Punjab police, with all, for all
Securing the same is a sure-shot way to earn the coveted "VIP" tag, and if you can pull some strings, it not just comes easy in the state, it also comes largely free: as in the case of the Chadha brothers. All it takes is an application claiming a "threat perception" to one's security.
That explains why a 70,000-strong force, battling staff shortage, has deployed close to 4,000 personnel to guard both government VVIPs and private individuals — 1,900 guard 740 individuals who are not government officials. That also explains why Punjab Deputy Chief Minister Sukhbir Singh Badal, also the state's Home Minister, had to intervene a few months back to get over 3,000 personnel and dozens of police vehicles withdrawn from VVIP security.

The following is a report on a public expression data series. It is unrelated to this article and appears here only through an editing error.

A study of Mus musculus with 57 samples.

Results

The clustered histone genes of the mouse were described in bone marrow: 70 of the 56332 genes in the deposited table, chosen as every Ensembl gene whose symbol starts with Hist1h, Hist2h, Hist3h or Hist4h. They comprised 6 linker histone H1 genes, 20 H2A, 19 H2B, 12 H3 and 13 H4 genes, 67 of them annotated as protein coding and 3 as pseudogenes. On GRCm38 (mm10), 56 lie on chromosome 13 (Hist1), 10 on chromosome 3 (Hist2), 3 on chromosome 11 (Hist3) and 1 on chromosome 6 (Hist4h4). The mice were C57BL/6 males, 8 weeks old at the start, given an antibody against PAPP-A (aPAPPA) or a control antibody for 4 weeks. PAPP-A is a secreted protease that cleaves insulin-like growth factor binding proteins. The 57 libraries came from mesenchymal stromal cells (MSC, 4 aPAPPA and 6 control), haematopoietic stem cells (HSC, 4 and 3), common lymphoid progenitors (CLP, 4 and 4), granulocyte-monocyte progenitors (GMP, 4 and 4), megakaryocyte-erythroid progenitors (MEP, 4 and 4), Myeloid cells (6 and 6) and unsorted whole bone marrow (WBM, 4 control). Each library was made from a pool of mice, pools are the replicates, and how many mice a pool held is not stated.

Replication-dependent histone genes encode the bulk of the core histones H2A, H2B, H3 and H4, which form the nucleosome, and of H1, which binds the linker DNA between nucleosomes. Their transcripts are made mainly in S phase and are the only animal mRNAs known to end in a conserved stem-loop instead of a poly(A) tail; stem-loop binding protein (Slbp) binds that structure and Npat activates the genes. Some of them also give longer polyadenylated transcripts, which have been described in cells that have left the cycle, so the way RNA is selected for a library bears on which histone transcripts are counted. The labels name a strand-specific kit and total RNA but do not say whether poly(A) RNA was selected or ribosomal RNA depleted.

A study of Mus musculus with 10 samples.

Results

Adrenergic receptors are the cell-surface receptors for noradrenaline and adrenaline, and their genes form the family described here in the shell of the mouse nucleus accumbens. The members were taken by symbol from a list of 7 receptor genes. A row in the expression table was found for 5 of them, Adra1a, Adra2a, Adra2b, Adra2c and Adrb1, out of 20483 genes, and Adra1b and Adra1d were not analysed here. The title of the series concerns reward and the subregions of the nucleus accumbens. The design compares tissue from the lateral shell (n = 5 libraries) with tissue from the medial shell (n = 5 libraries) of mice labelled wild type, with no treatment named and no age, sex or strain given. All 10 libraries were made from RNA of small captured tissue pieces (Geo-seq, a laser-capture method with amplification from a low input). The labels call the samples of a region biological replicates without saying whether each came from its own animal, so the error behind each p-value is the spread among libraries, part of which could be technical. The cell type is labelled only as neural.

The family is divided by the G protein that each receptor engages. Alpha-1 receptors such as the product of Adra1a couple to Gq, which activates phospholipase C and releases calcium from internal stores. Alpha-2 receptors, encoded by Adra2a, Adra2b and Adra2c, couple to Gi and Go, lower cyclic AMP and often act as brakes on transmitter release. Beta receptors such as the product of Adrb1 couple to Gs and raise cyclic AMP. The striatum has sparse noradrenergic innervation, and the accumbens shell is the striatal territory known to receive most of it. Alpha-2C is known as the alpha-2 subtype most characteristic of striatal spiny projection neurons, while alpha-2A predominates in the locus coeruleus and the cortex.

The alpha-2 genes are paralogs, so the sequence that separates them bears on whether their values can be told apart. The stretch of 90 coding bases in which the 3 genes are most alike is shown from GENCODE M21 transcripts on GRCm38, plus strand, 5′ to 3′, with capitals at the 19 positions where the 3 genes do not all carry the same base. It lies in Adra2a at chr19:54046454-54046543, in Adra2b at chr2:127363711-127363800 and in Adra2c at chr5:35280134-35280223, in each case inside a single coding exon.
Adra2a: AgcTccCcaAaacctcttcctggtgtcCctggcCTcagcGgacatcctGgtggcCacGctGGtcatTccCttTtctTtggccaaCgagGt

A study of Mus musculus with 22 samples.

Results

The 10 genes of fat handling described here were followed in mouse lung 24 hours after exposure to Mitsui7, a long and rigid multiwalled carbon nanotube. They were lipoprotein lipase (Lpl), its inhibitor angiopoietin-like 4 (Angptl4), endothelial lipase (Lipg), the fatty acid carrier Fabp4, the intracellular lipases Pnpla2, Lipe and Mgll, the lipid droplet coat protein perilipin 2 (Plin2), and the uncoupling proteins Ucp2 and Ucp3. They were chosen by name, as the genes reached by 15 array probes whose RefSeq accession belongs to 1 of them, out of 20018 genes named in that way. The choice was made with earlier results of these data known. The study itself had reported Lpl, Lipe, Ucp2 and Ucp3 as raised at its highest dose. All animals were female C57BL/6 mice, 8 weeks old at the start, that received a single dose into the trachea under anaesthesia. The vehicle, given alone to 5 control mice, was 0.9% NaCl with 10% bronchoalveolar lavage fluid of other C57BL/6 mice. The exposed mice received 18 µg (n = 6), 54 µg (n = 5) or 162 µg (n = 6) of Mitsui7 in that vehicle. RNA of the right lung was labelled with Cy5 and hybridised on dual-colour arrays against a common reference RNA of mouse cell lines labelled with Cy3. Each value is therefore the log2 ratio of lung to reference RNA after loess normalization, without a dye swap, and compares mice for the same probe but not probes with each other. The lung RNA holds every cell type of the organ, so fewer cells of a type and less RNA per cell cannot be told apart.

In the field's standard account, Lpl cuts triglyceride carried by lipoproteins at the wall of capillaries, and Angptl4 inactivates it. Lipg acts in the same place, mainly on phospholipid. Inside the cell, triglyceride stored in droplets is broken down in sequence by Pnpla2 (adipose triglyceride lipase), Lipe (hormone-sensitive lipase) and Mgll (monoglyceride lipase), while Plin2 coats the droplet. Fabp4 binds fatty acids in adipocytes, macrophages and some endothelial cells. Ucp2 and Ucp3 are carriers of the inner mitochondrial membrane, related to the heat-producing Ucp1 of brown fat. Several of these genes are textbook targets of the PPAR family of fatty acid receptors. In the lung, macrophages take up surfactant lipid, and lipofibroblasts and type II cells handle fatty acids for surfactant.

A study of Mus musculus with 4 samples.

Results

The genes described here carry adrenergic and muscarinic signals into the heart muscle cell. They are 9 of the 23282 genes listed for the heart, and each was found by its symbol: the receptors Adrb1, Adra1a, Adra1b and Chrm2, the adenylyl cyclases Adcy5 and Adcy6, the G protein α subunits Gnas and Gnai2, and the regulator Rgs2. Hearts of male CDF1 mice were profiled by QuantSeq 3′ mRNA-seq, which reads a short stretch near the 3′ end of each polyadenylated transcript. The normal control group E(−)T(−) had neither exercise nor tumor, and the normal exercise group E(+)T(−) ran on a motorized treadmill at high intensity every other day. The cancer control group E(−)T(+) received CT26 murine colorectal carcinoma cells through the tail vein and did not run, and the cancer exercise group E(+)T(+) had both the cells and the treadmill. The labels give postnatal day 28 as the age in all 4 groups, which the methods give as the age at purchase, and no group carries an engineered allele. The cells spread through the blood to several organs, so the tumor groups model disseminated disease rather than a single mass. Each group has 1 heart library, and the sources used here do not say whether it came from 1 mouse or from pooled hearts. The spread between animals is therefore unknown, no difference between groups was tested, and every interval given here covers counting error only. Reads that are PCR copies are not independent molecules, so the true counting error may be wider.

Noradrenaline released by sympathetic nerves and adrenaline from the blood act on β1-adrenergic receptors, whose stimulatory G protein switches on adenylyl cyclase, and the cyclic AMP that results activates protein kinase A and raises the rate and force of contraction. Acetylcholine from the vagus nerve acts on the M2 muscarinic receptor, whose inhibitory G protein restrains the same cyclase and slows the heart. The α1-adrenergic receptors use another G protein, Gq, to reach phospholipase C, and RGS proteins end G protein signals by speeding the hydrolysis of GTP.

A steady stream of visitors can now be seen lined up at the Punjab Police headquarters each day in a bid to convince the authorities to resume the withdrawn cover.
But for a dozen-odd private individuals, mostly industrialists, who pay for their Punjab Police security cover, others — ranging from businessmen and politicians to religious leaders — are essentially freeloaders. And even among those who pay, some are doing so under court directions.
Senior Punjab Police officers admit privately that the number of protectees and the number of personnel deployed in their security was not this high even during the days of militancy in the state.
A simple arithmetic shows that if all the protectees were to pay the state police personnel guarding them, it would come to a huge sum. But when an overtly generous state decides to be irrationally magnanimous, who minds a free lunch?